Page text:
The lovely Tamsyn, who blogs over at The Villa on Mount Pleasant, very kindly wrote and photographed this guest blog post last year and I just had to share it again in case you missed it the first time round. This is the perfect time to be drying Hydrangeas and Tamsyn’s dried wreath is a must. I followed the tutorial myself last year to make one for my mother-in-law and it was much easier than I expected and the results are beautiful. Over to you, Tamsyn…
Hello everyone! My name is Tamsyn and I blog over at The Villa on Mount Pleasant. I was so delighted that Katy asked me to write a guest post for Apartment Apothecary, as her blog is such an inspiration to me! Here’s my tutorial for making a hydrangea wreath…
Hydrangeas can be bought cheaply enough from markets or car boot fairs, and it’s worth getting a couple to plant out in the garden, as the flowers turn beautiful faded colours in September, and look fantastic dried and placed in big zinc florist buckets. If you don’t have any dried hydrangea heads, you could use ivy, dried roses, berries, pine cones, seed heads, artificial flowers – anything really!
You will need:
A natural rattan wreath (I got mine from Hobbycraft)
Dried hydrangea heads
Thin pliable wire
Ribbon of your choice
1. Take your dried hydrangeas, and trim the stalks right down to the flower heads. I roughly planned out my wreath by placing the heads on the wreath, and working out where I wanted to put them according to colour and shape.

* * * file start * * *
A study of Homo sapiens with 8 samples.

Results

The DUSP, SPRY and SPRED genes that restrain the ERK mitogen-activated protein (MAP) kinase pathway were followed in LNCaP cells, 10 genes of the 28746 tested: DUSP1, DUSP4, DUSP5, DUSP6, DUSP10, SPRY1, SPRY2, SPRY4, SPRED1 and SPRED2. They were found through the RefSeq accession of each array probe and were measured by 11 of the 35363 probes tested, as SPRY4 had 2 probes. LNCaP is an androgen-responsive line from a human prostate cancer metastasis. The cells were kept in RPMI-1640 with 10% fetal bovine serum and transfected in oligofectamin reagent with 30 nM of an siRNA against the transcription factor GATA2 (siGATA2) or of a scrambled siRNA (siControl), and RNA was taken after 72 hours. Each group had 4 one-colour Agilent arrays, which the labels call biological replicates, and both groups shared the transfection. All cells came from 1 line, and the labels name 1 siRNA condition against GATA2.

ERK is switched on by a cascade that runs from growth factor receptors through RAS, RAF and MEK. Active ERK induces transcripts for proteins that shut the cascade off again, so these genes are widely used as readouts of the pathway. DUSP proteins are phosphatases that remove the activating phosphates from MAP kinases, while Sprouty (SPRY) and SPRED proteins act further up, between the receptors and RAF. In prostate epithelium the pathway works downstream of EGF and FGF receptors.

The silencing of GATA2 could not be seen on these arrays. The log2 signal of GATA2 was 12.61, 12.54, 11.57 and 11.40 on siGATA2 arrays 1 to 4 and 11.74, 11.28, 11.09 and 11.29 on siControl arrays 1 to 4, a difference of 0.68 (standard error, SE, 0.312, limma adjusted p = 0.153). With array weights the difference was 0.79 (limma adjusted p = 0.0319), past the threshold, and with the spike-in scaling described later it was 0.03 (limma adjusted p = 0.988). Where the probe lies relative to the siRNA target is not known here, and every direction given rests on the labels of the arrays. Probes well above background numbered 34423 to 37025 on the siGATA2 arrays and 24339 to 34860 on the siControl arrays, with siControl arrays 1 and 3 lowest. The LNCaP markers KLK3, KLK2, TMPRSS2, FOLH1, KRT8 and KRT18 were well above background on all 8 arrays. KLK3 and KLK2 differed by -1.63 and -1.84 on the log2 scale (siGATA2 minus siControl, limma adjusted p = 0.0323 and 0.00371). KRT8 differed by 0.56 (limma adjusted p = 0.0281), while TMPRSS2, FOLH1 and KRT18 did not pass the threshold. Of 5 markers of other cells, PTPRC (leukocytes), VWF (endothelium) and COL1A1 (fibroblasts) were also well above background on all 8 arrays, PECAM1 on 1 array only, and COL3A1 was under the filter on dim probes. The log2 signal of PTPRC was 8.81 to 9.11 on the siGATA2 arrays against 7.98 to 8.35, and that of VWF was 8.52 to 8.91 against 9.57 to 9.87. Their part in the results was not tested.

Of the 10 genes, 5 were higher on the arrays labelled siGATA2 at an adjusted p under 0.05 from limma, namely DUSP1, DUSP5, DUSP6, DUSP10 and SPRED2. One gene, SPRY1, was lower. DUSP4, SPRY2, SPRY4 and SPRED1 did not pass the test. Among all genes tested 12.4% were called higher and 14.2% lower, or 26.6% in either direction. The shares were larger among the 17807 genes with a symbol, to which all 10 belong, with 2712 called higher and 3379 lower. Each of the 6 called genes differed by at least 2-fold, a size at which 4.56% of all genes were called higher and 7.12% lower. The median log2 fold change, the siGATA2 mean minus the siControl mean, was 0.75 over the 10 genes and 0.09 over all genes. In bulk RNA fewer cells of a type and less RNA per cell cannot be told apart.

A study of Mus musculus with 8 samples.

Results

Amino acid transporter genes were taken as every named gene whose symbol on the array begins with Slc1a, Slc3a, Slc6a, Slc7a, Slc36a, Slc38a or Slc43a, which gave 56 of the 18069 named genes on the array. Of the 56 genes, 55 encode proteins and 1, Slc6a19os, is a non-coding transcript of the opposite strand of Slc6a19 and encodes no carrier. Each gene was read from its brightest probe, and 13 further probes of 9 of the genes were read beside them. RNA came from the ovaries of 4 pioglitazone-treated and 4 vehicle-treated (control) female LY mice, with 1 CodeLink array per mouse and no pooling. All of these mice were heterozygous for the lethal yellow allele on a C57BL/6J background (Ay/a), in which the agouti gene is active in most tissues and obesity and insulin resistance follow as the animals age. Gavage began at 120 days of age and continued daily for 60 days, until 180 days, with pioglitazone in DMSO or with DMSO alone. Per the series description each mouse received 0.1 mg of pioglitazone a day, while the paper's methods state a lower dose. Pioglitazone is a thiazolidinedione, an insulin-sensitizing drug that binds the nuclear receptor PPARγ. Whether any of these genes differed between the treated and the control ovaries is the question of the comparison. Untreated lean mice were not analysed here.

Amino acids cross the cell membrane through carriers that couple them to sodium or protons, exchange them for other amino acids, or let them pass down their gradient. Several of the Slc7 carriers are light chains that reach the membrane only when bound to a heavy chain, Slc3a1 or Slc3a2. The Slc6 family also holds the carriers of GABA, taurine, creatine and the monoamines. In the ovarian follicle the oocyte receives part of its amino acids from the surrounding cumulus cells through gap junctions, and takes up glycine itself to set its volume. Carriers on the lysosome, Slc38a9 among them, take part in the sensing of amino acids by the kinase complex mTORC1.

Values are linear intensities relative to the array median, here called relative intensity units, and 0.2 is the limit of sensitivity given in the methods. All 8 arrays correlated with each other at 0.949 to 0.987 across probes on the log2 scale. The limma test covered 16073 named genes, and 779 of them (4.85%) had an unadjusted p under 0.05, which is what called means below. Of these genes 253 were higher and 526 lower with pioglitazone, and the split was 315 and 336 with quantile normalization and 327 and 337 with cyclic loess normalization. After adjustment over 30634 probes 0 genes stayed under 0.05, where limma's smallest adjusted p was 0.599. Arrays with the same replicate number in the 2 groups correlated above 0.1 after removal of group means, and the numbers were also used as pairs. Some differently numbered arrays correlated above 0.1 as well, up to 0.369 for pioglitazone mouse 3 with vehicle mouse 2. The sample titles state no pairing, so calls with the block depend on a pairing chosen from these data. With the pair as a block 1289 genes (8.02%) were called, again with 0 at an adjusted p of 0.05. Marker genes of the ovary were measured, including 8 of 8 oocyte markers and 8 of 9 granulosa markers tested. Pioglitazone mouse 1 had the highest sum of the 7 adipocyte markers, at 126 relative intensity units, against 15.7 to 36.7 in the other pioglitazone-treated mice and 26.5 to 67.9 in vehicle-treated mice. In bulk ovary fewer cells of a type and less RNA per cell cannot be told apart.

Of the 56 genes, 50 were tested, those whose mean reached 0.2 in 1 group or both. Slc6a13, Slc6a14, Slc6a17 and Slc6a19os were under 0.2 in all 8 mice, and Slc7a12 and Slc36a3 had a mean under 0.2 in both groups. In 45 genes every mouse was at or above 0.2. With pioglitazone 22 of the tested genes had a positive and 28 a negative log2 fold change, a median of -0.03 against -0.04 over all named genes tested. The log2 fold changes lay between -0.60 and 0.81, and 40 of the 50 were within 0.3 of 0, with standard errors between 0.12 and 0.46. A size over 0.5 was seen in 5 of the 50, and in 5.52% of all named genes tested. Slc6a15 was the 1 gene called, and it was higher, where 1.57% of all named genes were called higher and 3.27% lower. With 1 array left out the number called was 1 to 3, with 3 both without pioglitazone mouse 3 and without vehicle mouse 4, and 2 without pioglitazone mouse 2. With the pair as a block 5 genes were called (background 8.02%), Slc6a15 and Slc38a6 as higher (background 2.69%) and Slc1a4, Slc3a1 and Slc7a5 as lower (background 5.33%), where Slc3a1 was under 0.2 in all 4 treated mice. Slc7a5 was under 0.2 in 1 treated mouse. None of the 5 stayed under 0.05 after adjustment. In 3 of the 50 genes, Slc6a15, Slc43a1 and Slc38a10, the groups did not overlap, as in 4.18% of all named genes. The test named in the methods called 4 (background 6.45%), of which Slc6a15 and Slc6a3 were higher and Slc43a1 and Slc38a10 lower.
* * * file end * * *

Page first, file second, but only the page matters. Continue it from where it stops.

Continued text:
2. Cut a length of wire approximately 30cm long. Thread it through the flower head just above the cut stalk, and then attach the head to the wreath. Wrap the wire round the wreath and twist it together at the back to fasten it. Don’t trim the wire yet, as you may decide you want to take it off and reposition your flower once you have more heads on.
3. Work your way around the wreath fastening your heads on with the wire. As I didn’t have quite enough full heads to complete my wreath, I used smaller heads clustered together to fill the gaps.
4. Once my wreath was covered I had some smaller gaps to fill, so I took some of my large individual petals, and twisted the top of a piece of wire approx 15cm long around the stalk. I then threaded the wire through from the top of the wreath through to the back, and fastened by twisting it round the rattan. Berry sprigs would look lovely dotted around too, using this method. At this point, I kept my wreath looking quite rustic – maybe I could have trimmed some of the heads a little to make more of a perfect circle shape, but I didn’t want to get in a tizz about it – rustic is good!
5. Finally, cut a piece of ribbon, and choose where you would like the top of your wreath to be. A wide piece of vintage lace would look lovely too. Thread the ribbon through the rattan and tie in a knot to make a large loop.
Thank you so much, Tamsyn (again!). Make sure you drop by Tamsyn’s blog for lots of gorgeous vintage inspiration.